The caller was his doctor with test results that had come back much sooner than expected. Richard had to take notes on the back of his boarding pass about some condition he had never heard of called extramammary Paget disease. On the six-hour flight home the plane's intermittent Internet connection did not give him many opportunities to find out what he was facing when he returned home.
Jock Itch Gone Very, Very Bad
Three years earlier Richard had seen his doctor for a routine checkup and mentioned only in passing that he had a case of jock itch that just wouldn't go away. Several months before that, Richard had noticed a painful, purple pimple on his scrotum. He assumed it was an ingrown hair left behind by shaving. The pimple eventually disappeared, but was replaced by small scaly patch of red skin about the size of a dime (18 mm). He showed the red patch to his primary care doctor, who diagnosed it as a tineal, athlete's foot-like fungal infection. The doctor told him to get an over-the-counter cream.
The over-the-counter product didn't work, and the spot on his balls was becoming increasingly itchy. He went back to the doctor, who then prescribed a stronger anti-fungal product. That medication didn't work, either, so Richard eventually got an appointment with a dermatologist. The dermatologist concluded that the spot had to be contact dermatitis, probably an allergic reaction to the elastic in his briefs. He told Richard to switch to boxers and gave him a steroid cream.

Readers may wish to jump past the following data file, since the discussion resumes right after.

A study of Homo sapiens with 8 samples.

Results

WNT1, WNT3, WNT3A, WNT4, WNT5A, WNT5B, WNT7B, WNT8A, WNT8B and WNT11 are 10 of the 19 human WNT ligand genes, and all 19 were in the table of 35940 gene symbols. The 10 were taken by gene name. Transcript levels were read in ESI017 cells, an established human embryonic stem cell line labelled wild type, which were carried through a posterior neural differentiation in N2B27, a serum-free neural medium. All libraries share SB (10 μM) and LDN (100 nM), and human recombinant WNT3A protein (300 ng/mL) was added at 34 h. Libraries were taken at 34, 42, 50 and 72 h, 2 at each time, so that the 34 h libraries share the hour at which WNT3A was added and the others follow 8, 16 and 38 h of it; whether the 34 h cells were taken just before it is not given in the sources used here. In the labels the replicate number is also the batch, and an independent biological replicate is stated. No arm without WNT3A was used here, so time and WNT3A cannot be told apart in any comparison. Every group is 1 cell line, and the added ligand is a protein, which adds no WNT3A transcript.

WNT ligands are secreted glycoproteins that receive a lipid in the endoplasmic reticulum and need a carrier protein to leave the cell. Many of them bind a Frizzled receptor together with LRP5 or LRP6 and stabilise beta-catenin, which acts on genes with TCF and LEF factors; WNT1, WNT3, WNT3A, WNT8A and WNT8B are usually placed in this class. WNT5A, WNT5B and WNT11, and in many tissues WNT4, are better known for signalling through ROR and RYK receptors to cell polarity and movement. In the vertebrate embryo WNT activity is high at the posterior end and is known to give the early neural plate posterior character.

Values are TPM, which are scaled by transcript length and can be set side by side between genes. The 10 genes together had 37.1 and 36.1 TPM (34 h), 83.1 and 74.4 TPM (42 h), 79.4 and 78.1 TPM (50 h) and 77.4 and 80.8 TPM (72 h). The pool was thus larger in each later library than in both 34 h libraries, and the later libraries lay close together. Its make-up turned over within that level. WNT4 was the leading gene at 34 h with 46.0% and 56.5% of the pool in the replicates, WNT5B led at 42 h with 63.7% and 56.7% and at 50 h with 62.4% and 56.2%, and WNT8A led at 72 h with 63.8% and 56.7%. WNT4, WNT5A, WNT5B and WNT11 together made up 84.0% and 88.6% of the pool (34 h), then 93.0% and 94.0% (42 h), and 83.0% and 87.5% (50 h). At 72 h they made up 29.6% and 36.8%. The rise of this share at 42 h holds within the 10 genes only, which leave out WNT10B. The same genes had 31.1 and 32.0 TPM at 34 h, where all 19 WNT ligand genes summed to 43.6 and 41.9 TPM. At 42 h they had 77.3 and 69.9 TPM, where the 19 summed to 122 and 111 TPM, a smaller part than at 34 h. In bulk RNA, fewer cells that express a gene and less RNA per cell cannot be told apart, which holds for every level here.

A full year passed and the itch only got worse. Richard changed brands of detergent and stopped using fabric softener. He took antihistamines. He found a brand of hypoallergenic underwear. Nothing worked, until the dermatologist finally did a biopsy. That was when Richard learned he had a relatively rare condition called extramammary Paget disease.
What Is Extramammary Paget Disease?
Extramammary Paget disease is a form of cancer that develops in apocrine sweat glands, the sweat glands that are found under the armpits, around the nipples, around the genitals, and in the ears. The cancer can spread to nearby tissues. The colon, urethra, and bladder can develop tumors in both men and women, the prostate in men, and the cervix and uterus in women. The condition is three to five times more common in women than in men.
Usually the only symptom of extramammary Paget disease is intense itching. The affected skin may bleed from scratching, or from the pressure of a tumor. Sometimes the condition can be treated with an immune response modifier called imiquimod (INN), but usually treatment requires surgery followed up with chemotherapy delivered in the form of creams. Even when the cancer is removed by surgery, it comes back in about 30 percent of cases, two to ten years later. More people survive extramammary Paget disease than not. A diagnosis of the condition is not necessarily a death sentence, but it can be fatal if not treated or without followup care.